Saturday, March 6, 2021

The best free software for protein deconvolution!

Have I posted all this before? I feel like I have, but the question comes up all the time. 

Scenario -- you have a beautiful spectra of an intact protein like the thing above and you just want the deconvoluted mass and you don't want to spend $6k for one seat of software to get something like this?

This is the NIST mAB standard with 2 clear glycoforms (148,080 Da)

If you can pick out one single peak and get one pretty spectra like the top panel, there is a software from 1998 wrapped in a nice GUI that works in Windows 7 and 10 that will do this in under 10 seconds. 

This is the paper that explains it. 

And someone, not me, put up a link to the secret word-of-mouth, you can only get at ASMS from a friend of a friend if you bring a clean USB stick and meet behind the piano bar at a specific time.

The legality of the software is something everyone always seems worried about. Everyone made me concerned enough that I've never once put up a link for it, but since someone else put up a link with the intention of mentioning it to people a lot at the 2 overlapping conferences this week (ABRF & USHUPO simultaneously? Wut?)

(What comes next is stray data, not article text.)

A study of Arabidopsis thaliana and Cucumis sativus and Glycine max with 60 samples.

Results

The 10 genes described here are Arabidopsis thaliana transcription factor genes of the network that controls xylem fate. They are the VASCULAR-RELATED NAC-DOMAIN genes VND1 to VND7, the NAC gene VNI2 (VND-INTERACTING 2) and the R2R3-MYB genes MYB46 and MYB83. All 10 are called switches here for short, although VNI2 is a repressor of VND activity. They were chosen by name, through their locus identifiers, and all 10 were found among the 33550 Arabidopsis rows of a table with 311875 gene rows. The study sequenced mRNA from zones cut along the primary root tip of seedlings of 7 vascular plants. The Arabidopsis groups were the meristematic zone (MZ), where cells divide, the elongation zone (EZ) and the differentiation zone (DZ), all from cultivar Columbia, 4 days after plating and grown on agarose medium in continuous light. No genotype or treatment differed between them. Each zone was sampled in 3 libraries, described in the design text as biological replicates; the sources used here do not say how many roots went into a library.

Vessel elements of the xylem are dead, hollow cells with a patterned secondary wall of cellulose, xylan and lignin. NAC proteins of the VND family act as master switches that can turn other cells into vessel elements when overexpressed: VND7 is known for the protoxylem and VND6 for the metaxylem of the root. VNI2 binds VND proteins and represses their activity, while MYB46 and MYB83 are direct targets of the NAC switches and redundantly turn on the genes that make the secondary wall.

You can get it here.  There is an old video from some rambly nasaly person using an older version on Vimeo that eventually shows you how to use it

Okay -- so that works for extremely simple stuff. What if your protein isn't fantastic? You can go crazy sorting through and averaging MS/MS spectra.

Here is the question you need to ask next; Do you:

1) Want to see if your protein is there? 


2) Do you want to look at the difference in the proteins between sample A and sample B? 

If I answer #1, then I go straight to UniDec. 

If you answered #2 then I fire up FlashLFQ, which I find easiest to use through the Proteoform Suite.  Proteoform suite is designed for big top-down, but I'd argue that this is just as good for antibody characterization as any of the expensive software packages out there. You need to convert your files to mz(X?)mL first and then you can deconvolute all the proteins in your file and do quantitative comparisons between files. 

Angry baby, gotta go. Hope this is helpful somehow!